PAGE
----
October 30, 1994|Steve Proffitt | Steve Proffitt, a contributing editor to Opinion, is a producer for Fox News and a contributor to National Public Radio's "All Things Considered" and "Morning Edition." He spoke with Mike Huffington during a campaign swing through Los Angeles

Call Mike Huffington a political paradox. The theme of his campaign has been "more government isn't the answer." Yet, he has spent about $20 million of his personal fortune attempting to win a seat in the world's most elite governmental club, the U.S. Senate. He's hired as advisers some of the most skillful political insiders in the business--including Lyn Nofzinger, Edward J. Rollins and Kenneth L. Khachigian. Yet, he portrays himself as a non-politician and an outsider. In stump speeches, he says private charities should take over the government's role in providing for the poor. Yet, since he refuses to release his income-tax records, voters have no way of knowing how charitable he's been himself.

But paradox or not, first-term GOP Rep. Mike Huffington has succeeded in persuading large numbers of California voters that he's a better choice for the Senate than incumbent Dianne Feinstein. Huffington, 47, appears to be running neck-and-neck with Feinstein in what--at $27 million and counting--is already the most expensive Senate race in history.

Huffington's father is of one of the richest men in America. Texas oilman Roy Huffington discovered and mined rich oil reserves in Indonesia. His son, a Harvard Business School graduate, worked in the family business, and, in 1991, after moving to Santa Barbara, spent more than $5 million to defeat veteran GOP Rep. Bob Lagomarsino in the primary and win a seat in Congress. Just eight months after being sworn in, Huffington announced his bid for the Senate.

Once considered a political lightweight by both Republicans and Democrats, Huffington's steady barrage of political ads has raised negative opinions of his opponent Feinstein and attracted voters who are angry at government and career politicians. He defends his meager record as a congressman--three bills, one resolution and eight minutes speaking on the floor--by saying the last thing the country needs is more legislation. And he bristles at attacks on his wife, Arianna, an author and cable TV talk-show host. Former Huffington staffers claim she is the brains behind the campaign, and her association with a New Age religious sect has been widely reported. While the congressman has been an ardent supporter of immigration control, late last week The Times reported that the Huffingtons had employed an illegal immigrant as a nanny.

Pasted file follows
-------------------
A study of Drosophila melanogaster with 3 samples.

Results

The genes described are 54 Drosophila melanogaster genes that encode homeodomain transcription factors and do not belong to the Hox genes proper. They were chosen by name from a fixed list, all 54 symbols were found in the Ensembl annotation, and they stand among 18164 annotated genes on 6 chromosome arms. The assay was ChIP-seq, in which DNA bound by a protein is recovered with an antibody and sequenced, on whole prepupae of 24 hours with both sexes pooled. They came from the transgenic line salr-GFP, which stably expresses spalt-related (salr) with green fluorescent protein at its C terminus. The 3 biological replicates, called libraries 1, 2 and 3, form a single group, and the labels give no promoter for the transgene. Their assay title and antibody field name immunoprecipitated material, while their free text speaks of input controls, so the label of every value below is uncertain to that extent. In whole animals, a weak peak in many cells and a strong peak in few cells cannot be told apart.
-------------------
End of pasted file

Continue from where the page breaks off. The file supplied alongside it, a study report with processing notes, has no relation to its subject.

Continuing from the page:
Some believe it's telling that where Huffington is best known, he is least liked. He failed to carry his Santa Barbara district in the primary election, and a large group of prominent Santa Barbara Republicans have been raising money for his opponent. Feinstein calls him, "A Texas millionaire that can't be trusted." But he's betting there's enough disaffection and disgust among California voters to put him over the top, and into the Senate.


Question: What do you see as the limits on the role of the federal government?

Answer: Government can't teach kids values. It can't be in the house, or the workplace, or in everyone's car to protect people from criminals. My feeling is that the federal government cannot teach our kids to read and write. Most of the social problems we have today--drugs, alcohol abuse, teen-age pregnancy, welfare--if we want to solve those problems, it gets back to the families of those kids spending time with the children while they're young. Reading with them at night, making sure they do their homework, teaching them virtues like hard work, courage, compassion, responsibility and faith. That part is really up to the family, not to the federal government.

We're just spending billions and billions of dollars that is going to waste. It's not helping the taxpayers, and it's not helping the recipients, either.

Q: Do you feel the federal government has any responsibility for things like education or helping the poor?

A: I would like to see the federal welfare system dismantled, and the funding that has gone into it be split into two parts--for deficit reduction and for block grants to the states. Those grants would allow the states to experiment with different programs to see what works, and have the states be responsible for welfare, with no strings attached from the federal government. Washington, D.C., puts a straitjacket on our 50 states and all of our cities and local communities. And, frankly, the best way you can help an individual is you, yourself, helping somebody in your own family, or a neighbor or someone else--we're getting away from the volunteer spirit by saying, "Uncle Sam's gonna solve all your problems, just give us your tax money and we'll do it for you." It hasn't worked. We've spent $5 trillion and just haven't been able to make a dent in poverty.

Q: Let's talk about immigration. What should the federal government be doing to control the borders?